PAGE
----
No "Friday Favors" for Missouri Data Centers

Governor Nixon drops ax on beefy data center tax-break bill

Jason Verge

September 10, 2014

2 Min Read
No "Friday Favors" for Missouri Data Centers
Missouri Democratic Governor Jay Nixon at grand opening of LightEdge Solutions’ regional office in the new SubTropolis Technology Center. (Photo: Gov’s official website)

Missouri Democratic Governor Jay Nixon is criticizing several sales tax exemptions targeted to data centers. The Examiner reports Nixon is particularly focused on 10 bills he says would cost local governments $351.2 million annually, as well as $425.1 million lost to the state.

Legislators passed the 10 bills on the final day of the session, all of which offered tax breaks to businesses. Nixon called the bills “Friday favors,” a commentary on last-minute lobbyist appeasement, and vetoed all 10.

One of those bills is designed to encourage the development of data centers and accounts for two-thirds of those projected local losses of revenue. Both sides are unlikely to override Nixon on the bill, despite the Missouri General Assembly being heavily Republican.

The argument for vetoing is runaway tax credit programs in the state hampering the ability for it to provide in other areas. The argument for the bill is data centers are viewed as extremely positive for local communities, and several states are offering increasingly aggressive tax breaks to attract the business making for a competitive landscape.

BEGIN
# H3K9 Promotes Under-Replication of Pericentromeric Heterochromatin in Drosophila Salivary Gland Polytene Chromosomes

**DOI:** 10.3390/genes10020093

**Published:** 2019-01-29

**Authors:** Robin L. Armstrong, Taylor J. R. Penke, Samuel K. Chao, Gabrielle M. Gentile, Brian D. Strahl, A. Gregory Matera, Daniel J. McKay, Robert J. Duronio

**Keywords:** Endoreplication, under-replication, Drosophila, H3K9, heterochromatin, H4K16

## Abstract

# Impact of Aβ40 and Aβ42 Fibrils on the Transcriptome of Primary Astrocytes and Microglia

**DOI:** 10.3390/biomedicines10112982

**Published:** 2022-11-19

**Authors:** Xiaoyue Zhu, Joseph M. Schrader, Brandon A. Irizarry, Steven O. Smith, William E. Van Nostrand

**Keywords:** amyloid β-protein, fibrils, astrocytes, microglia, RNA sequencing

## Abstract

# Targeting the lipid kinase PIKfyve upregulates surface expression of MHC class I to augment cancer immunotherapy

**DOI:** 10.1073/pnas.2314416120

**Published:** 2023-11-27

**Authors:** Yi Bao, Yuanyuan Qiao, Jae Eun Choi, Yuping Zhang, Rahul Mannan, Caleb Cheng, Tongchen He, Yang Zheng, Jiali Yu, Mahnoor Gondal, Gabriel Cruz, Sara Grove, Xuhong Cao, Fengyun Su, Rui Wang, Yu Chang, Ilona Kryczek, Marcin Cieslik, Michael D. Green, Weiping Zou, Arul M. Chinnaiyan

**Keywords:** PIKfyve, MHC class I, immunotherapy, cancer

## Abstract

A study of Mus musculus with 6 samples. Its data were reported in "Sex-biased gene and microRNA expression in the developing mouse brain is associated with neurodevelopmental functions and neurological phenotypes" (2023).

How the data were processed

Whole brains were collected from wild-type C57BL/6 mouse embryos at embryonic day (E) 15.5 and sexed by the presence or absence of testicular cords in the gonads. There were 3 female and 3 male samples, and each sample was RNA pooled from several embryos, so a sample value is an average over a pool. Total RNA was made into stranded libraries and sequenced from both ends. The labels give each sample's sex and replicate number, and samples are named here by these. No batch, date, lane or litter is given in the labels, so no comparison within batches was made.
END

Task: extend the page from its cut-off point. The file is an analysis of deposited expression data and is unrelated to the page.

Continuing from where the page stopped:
Earlier this week, an economic development department in a small Ohio town, for example, recommended that the city give nearly $7 million worth of city-owned land to Amazon free of charge, in exchange for a commitment to build a 750,000-square-foot data center complex there.

The Missouri bill in question is Senate Bill 584. It lacks incentive conditions like minimum job creation and capital investment requirements. The bill would qualify all existing facilities regardless of whether they’re expanding. For the sake of comparison, the proposed land incentive in Ohio is tied to commitments to build within a defined timeline.

The bill is unlikely to make it past the senate and has slim chances to get by the house, even if it makes it that far. There’s a concern that it is so broadly written that businesses outside of data centers can take advantage, costing even more in revenue.

The veto comes as no surprise, Nixon citing his intention to veto the bill after it initially passed on May 16. The argument from Nixon is that it lacks in taxpayer protections, something included in earlier versions.

"On the last day of the session, without a fiscal note, without a hearing, they added an amendment that is going to cost hundreds of millions of dollars and that doesn't have any of the taxpayer protections that were in the data center legislation that was moved forward earlier on," Nixon told Kansas City Business Journal.

Nixon vetoed a record 33 bills in total, the most by any Missouri governor since 1961. A governor in the midst of the Ferguson police-shooting controversy, he has also vetoed several state budget line items.